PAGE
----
Nike denies ties to rapper’s ‘Satan Shoes’
US rapper Lil Nas X's so-called “Satan Shoes” feature the famous Nike swoosh, prompting critics to accuse the footwear and clothing giant of heresy. But the shoes were designed by a different company, and Nike denies any official tie-up with the release and said it has launched a trademark infringement complaint.
The meme shows the rapper, best known for the 2018 song “Old Town Road,” holding one of the shoes, a Nike Air Max 97 featuring a bronze pentagram and a reference to the Bible verse Luke 10:18 (“I saw Satan fall like lightning from heaven”). The soles of the shoes -- in a limited run of 666 pairs -- allegedly contain a drop of human blood mixed with red ink.
The meme was shared on March 27 on the Facebook page of website The Gateway Pundit, which also published an article about the shoes. The site later updated the article, removing mentions of Nike’s responsibility after the company denied involvement.
“We are in a fight for the soul of our nation,” South Dakota’s governor, Kristi Noem, wrote on Twitter. “Our kids are being told that this kind of product is, not only okay, it’s ‘exclusive.’”
Popular televangelist Mark Burns also took to Twitter, saying: “This is evil & heresy and I pray that Christians rise up against this.”
Nike said in an emailed statement to AFP: “We do not have a relationship with Lil Nas X or MSCHF. The Satan Shoes were produced without Nike’s approval or authorization, and Nike is in no way connected with this project.”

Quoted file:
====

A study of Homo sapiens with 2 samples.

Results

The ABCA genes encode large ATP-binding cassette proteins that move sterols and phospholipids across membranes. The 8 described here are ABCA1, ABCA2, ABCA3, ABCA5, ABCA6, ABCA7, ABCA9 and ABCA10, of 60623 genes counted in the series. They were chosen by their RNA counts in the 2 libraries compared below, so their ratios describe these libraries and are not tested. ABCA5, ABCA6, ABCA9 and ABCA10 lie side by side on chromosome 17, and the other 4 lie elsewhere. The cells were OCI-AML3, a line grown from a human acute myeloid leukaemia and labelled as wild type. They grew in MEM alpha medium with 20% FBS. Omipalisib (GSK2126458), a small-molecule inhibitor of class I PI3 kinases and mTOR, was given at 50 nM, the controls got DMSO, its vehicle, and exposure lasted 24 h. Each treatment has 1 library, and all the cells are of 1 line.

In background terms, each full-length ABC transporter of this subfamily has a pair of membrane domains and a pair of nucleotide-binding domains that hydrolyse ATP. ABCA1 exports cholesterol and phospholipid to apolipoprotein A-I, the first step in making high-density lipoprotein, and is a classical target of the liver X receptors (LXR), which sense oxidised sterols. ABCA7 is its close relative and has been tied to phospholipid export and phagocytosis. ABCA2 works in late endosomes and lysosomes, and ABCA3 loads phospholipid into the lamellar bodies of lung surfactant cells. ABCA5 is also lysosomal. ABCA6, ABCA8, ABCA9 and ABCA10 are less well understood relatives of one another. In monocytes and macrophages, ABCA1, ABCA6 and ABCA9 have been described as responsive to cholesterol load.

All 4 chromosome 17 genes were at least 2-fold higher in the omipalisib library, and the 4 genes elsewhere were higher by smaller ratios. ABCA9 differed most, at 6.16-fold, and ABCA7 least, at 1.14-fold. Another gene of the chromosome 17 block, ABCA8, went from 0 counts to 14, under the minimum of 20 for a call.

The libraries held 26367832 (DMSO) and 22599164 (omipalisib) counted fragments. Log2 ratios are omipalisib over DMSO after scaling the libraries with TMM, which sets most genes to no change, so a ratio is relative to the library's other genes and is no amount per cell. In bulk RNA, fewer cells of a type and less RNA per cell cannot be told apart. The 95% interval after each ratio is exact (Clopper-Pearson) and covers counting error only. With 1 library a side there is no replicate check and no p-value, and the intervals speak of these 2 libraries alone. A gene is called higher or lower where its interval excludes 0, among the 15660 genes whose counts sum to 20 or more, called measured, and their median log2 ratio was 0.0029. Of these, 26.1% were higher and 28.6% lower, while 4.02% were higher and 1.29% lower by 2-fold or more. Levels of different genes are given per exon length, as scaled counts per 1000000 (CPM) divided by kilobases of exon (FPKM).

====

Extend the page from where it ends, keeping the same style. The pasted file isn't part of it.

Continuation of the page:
“Nike filed a trademark infringement and dilution complaint against MSCHF today related to the Satan Shoes. We don’t have any further details to share on pending legal matters,” it said.
MSCHF did not respond to requests for comment, but told The New York Times that the blood was collected from six members of staff.
Daniel Greenberg, one of the company’s founders, told the Times that Nike was not involved in the shoes’ creation and distribution “in any capacity.”
Jane Ginsburg, a law professor at Columbia University specialized in property and trademark law, said Nike could try to stop the sale of the altered versions of its products.
“At that point, the argument would be that these are no longer genuine goods,” she said by phone. “You can resell genuine goods and these are not genuine goods and people are going to be confused over whether Nike has authorized this, and that would be a trademark violation.”
However, simply mentioning clearly that the Satan Shoes are genuine reconditioned Nikes that have been altered could be enough to allow the shoes to stay on the market, she said.
The Satan theme of the shoes is inspired by Lil Nas X’s new music video, Montero, in which the 21-year-old rapper gives the devil a lap dance before snapping his neck and taking his horns.
EDIT: This article was updated on March 29, 2021 to add additional comment from Nike.